Is the timeline for a team in transition as long as a piece of string? In South Africa's case it seems to be.
In December 2019, when a new coaching staff was installed, they pled for patience as they sought to rebuild a team wrecked by poor administration and big retirements. Now it is April 2021, and South Africa have lost 8 out of 11 series under this regime. At least, they can't be faulted for trying things. They've capped six Test players, six ODI players and eight T20 players and are mining their depth to come up with a winning formula, which still seems some distance away.
With three World Cups in the next three years, South Africa need to get their white-ball combinations working quickly, and though this series has not given them much to celebrate, it has highlighted some areas that are working, and those that aren't.
Markram's white-ball comeback
Aiden Markram received what he called an unexpected call-up to the white-ball squads, and he wasn't even due to play in the T20Is, but Temba Bavuma's injury meant he was retained, and he rewarded the selectors for their persistence. Markram looked good in the ODIs but never made more than 39 but, seemingly freed from expectation in the T20Is, reeled off three successive fifties to finish as South Africa's leading run-scorer.
Markam's technical ability and shot repertoire were never in question but his temperament in the shorter formats was. Coach Mark Boucher thought the reason Markram didn't crack on from good starts was because "he sometimes feels that if he's not scoring at a strike rate of 140 he's holding up the team in some way." He struck at 182.65 in the T20Is, and although he didn't bat through an innings, he showed he can set the tone and accumulate quickly.
His partnership with Janneman Malan will give South Africa a good headache ahead of the T20 World Cup. When Bavuma returns from a hamstring injury, he will also lay claim to an opening spot, as will Quinton de Kock, who is currently playing in the IPL, and South Africa will have some interesting decisions to make about the composition of their top order.
South Africa's balance looked off in every match of this series, with their bowling supplies seemingly overstocked to the detriment of their batting. Boucher has long argued for more than five bowling options in a T20I, so there is cover if someone has an off day, but South Africa went into each game with at least seven options, and often didn't use them all. Andile Phehlukwayo not being used as a bowler in the second and third T20Is was mystifying, not least because he is one of their most celebrated operators at the death. It also meant the lower middle order began at No.6, which seemed too high.
If the only reason South Africa chose to arrange their combination that way was because of the absence of David Miller and injuries to Bavuma and Rassie van der Dussen, that may be an acceptable excuse, but they had a spare batter sitting in the dugout. Kyle Verreynne did not play a single T20I, ostensibly because he was included as a back-up wicketkeeper, according to Boucher, but his reputation suggests he is much more than that. Ideally, South Africa need six specialist batters before the allrounders and will want to rebalance the side for the T20 World Cup.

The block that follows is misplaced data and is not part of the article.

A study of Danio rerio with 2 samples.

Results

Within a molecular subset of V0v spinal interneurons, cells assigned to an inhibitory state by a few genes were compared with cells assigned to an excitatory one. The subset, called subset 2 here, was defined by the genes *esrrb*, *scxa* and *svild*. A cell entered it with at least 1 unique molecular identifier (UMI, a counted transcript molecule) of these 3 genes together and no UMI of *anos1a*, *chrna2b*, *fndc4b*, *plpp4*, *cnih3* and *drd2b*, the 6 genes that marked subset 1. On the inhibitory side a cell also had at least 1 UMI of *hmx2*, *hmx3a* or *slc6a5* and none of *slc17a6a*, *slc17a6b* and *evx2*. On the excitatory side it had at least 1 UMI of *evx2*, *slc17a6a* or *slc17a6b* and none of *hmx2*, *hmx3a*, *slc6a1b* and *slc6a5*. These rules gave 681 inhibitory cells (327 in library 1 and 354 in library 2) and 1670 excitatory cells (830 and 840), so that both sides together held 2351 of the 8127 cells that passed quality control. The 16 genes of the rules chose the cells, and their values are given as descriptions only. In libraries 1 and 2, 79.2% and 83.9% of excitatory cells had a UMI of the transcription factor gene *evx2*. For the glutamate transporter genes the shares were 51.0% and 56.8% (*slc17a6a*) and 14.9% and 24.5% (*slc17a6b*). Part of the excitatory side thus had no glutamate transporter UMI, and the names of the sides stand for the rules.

The fielding standards have slipped
South Africa dropped eight catches across the two white-ball series and did not prowl the outfield with the same intensity and menace as they are known for. Apart from de Kock's gesture to the non-striker's end when Fakhar Zaman was run-out by a direct hit at the wicketkeepers' end, there was a lack of ingenuity or inspired action as well. "Very poor" is how Heinrich Klaasen described it, while Boucher asked for his charges to show more "desperation".
Perhaps part of the reason for the fielding lapses was that the bowling was not as strong as usual and morale may have been low. South Africa have been heavy-handed with extras, with 16 wides and eight no-balls across the three T20Is, compared to two wides and a no-ball from Pakistan, and did themselves no favours in the discipline department.
The death overs
South Africa have yet to work out how to assert themselves at the end of the innings, with bat or ball. In this series, they conceded 9.95 runs per over in the last four overs, compared to Pakistan's 7.73. With the bat, this was South Africa's second-worst series of three or more matches in terms of death-overs scoring rate, behind the 5.54 they managed against Australia in a three-match series in Australia in 2014-15.
With ball in hand, South Africa have to decide who their best executors of yorkers are. In this series, they deemed it to be Lizaad Wiliams and Sisanda Magala, and overlooked Phehlukwayo until the final match. At the T20 World Cup, Phehlukwayo is likely to come back into the mix along with Lungi Ngidi, so that problem might be solvable. With bat, Miller could come into the conversation. Still, South Africa need other lower-order hitters and to assign those roles more clearly. Phehlukwayo and Linde are both sluggers and can go full throttle but only if there is a solid platform to build on. Overall, South Africa need to be clearer on their strategy and sharper in their execution.